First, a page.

Written By Nathan Holt
Photo By Nathan Holt
Coheed and Cambria made a stop at the Congress Theater in Chicago with support from opening bands Between the Buried and Me and Russian Circles. Even though the balcony was closed for repairs, it didn’t stop fans from filling up the main floor to bursting as they filed in from the freezing cold.
The Chicago band Russian Circles were up first with their literally dark set. The only lighting they used were two light bulbs and a small work light behind each of the three band members. That, along with the pure instrumental music they played set an interesting vibe as through their half hour set. The songs they played were “Harper Lewis,” “Geneva,” “Mlàdek” and “Death Rides a Horse.”
The progressive metal band Between the Buried and Me was up next, hitting the stage with the song “Astral Body.” With a pace that moved back and forth like a roller coaster, the band had in interesting collection of sounds that made up their songs. With more backlights, a few bright LED lights and colorful changing LED wall that moved with the music, the lighting was far brighter than Russian Circles. While they really didn’t say too much to the crowd, they did take a short break from almost a constant hour of overall playing to greet Chicago and promote their newest album, Parallax II: Future Sequence. With a six song set that included “Lay Your Ghosts to Rest,” “Ants of the Sky,” Prequel to the Sequel” and “Extremophile Elite,” the band wrapped up their set with “Selkies: The Endless Obsession.”
Coheed and Cambria took to a dark stage with their first song “Pretelethal,” while the band’s leader Claudio Sanchez played a ukulele. From there, the lighting varied with mostly bright backlighting that illuminated the stage and it’s oddities. There were a couple projectors set up in each corner of the backdrop to display visuals, smooth and plain white mannequins in the back corners and a glowing hourglass shape that floated in the middle of their backdrop. The whole scene seemed like something from another universe, which is a unique point to the band. With most of their songs interlacing and building a large and rich story, the band captivated the audience like few others today do. The fluidity between the songs was great, having small clips of dialogue from their latest albums between most songs while the hourglass glowed kept the audience’s attention and pulled them further into the show and the band’s universe.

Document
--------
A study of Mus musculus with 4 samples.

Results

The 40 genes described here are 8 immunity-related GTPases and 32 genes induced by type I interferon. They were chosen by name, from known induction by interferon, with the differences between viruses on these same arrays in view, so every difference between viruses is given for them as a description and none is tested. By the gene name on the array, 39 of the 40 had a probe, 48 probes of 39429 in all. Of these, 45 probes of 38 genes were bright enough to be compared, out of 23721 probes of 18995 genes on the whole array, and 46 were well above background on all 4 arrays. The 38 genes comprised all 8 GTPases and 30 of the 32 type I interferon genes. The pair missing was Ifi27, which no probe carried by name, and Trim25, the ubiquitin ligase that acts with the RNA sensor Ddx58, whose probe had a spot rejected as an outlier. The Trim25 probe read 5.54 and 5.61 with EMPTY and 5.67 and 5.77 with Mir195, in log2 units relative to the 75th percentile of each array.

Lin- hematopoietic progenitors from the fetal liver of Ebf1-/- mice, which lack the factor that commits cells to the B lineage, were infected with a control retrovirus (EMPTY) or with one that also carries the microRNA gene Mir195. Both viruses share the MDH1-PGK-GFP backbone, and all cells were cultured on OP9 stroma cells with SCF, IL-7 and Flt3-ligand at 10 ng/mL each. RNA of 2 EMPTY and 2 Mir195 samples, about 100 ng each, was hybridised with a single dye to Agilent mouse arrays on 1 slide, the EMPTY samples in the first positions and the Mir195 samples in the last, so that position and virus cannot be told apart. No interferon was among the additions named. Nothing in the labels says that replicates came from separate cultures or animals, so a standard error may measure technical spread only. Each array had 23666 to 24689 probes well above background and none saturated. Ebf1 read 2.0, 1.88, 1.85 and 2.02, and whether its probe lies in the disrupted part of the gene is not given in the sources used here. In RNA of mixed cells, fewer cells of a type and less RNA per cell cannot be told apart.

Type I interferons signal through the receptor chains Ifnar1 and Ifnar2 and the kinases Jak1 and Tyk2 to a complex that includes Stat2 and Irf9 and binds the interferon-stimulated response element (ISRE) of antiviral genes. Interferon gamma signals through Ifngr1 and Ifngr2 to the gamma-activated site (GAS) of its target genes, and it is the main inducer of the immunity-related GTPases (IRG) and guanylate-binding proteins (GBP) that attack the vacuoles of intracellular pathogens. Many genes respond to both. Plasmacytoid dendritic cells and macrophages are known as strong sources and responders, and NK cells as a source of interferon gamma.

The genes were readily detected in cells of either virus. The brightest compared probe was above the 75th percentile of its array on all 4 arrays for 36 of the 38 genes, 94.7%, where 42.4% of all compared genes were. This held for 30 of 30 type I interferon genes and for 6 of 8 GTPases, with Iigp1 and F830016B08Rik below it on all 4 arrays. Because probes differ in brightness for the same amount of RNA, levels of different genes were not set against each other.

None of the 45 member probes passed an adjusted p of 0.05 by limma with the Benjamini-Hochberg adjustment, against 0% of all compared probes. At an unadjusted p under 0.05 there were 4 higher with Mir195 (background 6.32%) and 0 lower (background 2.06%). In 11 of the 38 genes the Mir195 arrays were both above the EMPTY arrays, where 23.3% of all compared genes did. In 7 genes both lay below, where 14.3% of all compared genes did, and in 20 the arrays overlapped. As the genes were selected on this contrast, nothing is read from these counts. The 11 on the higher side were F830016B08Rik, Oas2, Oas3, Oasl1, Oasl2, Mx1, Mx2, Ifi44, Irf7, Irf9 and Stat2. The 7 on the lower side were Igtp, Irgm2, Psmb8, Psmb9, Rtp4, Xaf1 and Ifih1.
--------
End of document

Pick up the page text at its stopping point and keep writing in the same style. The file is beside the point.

With songs like “Key Entity Extraction V: Sentry the Defiant,” “A Favor House Atlantic,” “Goodnight, Fair Lady,” “No World for Tomorrow,” “The Crowing,” “Key Entity Extraction III: Vic the Butcher” and “Key Entity Extraction IV: Evagria the Faithful” the band gave a diverse playlist from their albums. Sanchez and guitarist Travis Stever took a moment to address the crowd, thank them for coming out tonight and coming up with something random to talk to the crowd about before jumping into the song “The Afterman.” With an hour and a half set that also included the songs “Here We Are Juggernaut,” “Dark Side of Me” and “In Keeping Secrets of Silent Earth: 3,” Stever would energetically move around the stage and Sanchez would whip his huge mane of hair to and fro while jumping around stage when he didn’t have to sing front and center.
The band has been through a few changes recently, including an addition of their new bassist Zach Cooper and the return of Josh Eppard who played drums on the first three albums. Both fit extremely well live with Cooper moving around stage constantly and Josh fitting right back into the groove of his old spot. The audience sang along with every song louder and louder, even into the encore of “Wake Up,” “The Hollow” and “Key Entity Extraction I: Domino the Destitute.” When the band wrapped up their set with the final epic song “Welcome Home,” Sanchez ran off stage at one point straight into the pit to play for the front row, as well as shred on his double neck guitar behind his head and with his mouth. With such a captivating set, it’s definitely one of my personal favorites this year.